Soldiers gather in Kim Il Sung Square in Pyongyang. (Jon Chol Jin/Associated Press)

SOME OBSERVERS are arguing that we are finally seeing how President Trump behaves in a real global crisis, as opposed to a mess created by his own White House. That’s not entirely true. It is Mr. Trump who has decided to bring the tension with North Korea to a boil at this moment, and then keep turning up the flame.

That’s not to deny the real and vexing challenge posed by North Korea’s nuclear weapons capability. Kim Jong Un, third-generation scion of one of the world’s cruelest regimes, is not well known or understood. His rhetoric toward South Korea, Japan and the United States is implacably hostile. His military’s steady advances in missile and warhead technology, year after year, are alarming.

The Obama administration’s response to these advances was to do — well, not much of anything, under the euphemism of “strategic patience.” No one can claim this non-policy was a success. But Mr. Trump’s policy of ever-escalating threats and boasts, descending to Mr. Kim’s level, raises the risk of dangerous miscalculation, which is then exacerbated by mixed messages from his administration.

What might work better? The United States enjoys vast military superiority over North Korea, and the Clinton administration seriously considered a preemptive strike two decades ago. But North Korea’s arsenal today is more extensive, dispersed and hidden. And the chief drawback to military action then remains true: Even without nuclear weapons, North Korea could quickly unleash retaliatory strikes that could kill millions of people in Seoul and beyond. War with North Korea would be a horror.

The most merciful option for North Korea’s 25 million people would be the end of the hereditary Kim regime, which keeps its population in what is essentially one large prison camp. A U.N. report three years ago found “an almost complete denial of the right to freedom of thought, conscience and religion.” In North Korea’s gulag, the report found, “the inmate population has been gradually eliminated through deliberate starvation, forced labour, executions, torture, rape and the denial of reproductive rights enforced through punishment, forced abortion and infanticide.” Hundreds of thousands have died as a result. The diversion of massive resources to nuclear and other military programs, given most North Koreans’ poverty, is just one indication of misrule.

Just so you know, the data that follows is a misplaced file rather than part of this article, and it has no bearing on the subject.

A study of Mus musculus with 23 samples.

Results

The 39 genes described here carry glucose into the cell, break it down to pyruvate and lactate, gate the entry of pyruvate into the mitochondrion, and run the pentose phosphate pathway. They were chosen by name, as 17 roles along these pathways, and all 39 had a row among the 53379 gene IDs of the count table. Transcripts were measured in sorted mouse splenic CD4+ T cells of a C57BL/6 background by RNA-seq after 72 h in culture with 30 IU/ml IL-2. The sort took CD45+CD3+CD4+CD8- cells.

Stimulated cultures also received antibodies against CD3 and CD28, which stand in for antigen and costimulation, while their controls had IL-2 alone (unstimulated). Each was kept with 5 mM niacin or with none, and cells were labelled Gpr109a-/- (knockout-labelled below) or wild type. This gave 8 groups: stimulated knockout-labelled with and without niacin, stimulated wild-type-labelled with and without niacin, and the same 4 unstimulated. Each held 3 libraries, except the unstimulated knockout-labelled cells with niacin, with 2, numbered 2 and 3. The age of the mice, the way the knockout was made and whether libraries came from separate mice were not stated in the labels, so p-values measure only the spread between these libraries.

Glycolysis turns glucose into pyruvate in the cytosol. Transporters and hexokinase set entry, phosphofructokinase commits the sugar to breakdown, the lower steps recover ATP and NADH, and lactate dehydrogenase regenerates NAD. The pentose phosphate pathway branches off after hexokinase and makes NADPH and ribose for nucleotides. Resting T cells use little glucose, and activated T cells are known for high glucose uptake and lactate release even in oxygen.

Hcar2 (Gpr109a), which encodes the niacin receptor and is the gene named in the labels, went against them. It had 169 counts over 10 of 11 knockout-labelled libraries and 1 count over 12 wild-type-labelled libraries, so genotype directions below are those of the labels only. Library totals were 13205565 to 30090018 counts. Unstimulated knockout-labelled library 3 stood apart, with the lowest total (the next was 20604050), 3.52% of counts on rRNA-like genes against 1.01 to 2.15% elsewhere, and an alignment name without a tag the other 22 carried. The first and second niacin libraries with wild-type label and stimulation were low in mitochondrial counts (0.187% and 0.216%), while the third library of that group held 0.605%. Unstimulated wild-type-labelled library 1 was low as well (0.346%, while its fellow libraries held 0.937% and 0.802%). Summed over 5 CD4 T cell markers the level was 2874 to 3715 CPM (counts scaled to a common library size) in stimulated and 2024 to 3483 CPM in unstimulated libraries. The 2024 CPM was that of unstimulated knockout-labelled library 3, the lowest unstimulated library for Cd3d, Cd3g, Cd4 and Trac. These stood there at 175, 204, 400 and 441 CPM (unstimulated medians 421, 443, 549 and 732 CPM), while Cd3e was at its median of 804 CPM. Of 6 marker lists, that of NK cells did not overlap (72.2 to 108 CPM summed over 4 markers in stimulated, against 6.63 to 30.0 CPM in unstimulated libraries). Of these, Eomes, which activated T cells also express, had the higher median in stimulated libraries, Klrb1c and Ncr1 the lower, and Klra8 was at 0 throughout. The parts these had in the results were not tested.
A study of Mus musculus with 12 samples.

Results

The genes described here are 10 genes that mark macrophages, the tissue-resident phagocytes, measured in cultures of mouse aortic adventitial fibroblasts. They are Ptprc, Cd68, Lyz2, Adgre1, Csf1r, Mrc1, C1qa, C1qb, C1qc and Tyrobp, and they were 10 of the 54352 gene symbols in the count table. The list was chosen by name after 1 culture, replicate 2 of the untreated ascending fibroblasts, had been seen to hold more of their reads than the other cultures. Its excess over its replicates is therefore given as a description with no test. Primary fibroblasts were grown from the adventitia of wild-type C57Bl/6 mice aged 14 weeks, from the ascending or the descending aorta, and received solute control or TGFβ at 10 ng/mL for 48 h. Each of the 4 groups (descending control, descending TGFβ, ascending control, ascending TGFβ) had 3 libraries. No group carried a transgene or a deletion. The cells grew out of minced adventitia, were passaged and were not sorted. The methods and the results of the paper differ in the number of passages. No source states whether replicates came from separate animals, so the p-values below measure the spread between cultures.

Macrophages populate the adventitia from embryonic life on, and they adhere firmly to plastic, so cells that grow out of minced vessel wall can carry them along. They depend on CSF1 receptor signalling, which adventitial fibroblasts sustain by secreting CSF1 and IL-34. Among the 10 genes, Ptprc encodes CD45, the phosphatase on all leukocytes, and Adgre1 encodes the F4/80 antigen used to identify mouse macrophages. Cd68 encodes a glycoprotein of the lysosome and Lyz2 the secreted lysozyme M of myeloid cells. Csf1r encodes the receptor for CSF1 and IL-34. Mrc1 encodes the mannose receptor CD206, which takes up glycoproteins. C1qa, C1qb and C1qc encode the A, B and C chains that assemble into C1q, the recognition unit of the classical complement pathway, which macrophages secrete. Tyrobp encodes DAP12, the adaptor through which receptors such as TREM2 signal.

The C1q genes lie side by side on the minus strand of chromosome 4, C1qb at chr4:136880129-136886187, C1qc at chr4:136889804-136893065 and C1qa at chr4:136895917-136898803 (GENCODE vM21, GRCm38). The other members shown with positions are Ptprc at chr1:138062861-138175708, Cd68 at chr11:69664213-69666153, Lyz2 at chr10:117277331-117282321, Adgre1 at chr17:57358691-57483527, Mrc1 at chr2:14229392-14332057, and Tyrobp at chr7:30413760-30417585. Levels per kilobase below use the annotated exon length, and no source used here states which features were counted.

(Adriana Usero,Kate Woodsome/The Washington Post)

Unfortunately, outside nations don’t know how to loosen the grip of a tyrant such as Mr. Kim. For years, U.S. officials have hoped that China, upon which North Korea’s economy depends, would help do so. But the Chinese communist regime, while at times annoyed by North Korea, fears the chaos of regime collapse, or the strengthening of a unified Korea, more than a nuclear North Korea, and so U.S. officials invariably end up disappointed.

That leaves two options. One is to live with a nuclear North Korea, as we have long lived with a nuclear China, hoping to deter its use of nuclear weapons by assuring Mr. Kim that his regime’s destruction would immediately ensue. The other is to assemble a coalition of nations to impose economic sanctions sufficiently punitive and targeted at the regime that Mr. Kim decides he would be better off making a deal.

Our view remains that it is worth trying the latter before accepting the former. At times, as when it engineered a ratcheting up of U.N. Security Council sanctions not long ago, the Trump administration has seemed to share that view. An optimist might posit that Mr. Trump’s bombast could persuade China, Russia and others to join in a sanctions regime because the alternative is so frightening. But to be successful, such a strategy also would require patience, diplomacy, coherence and quiet strength. Just to list those qualities is to acknowledge how unlikely success seems at this moment.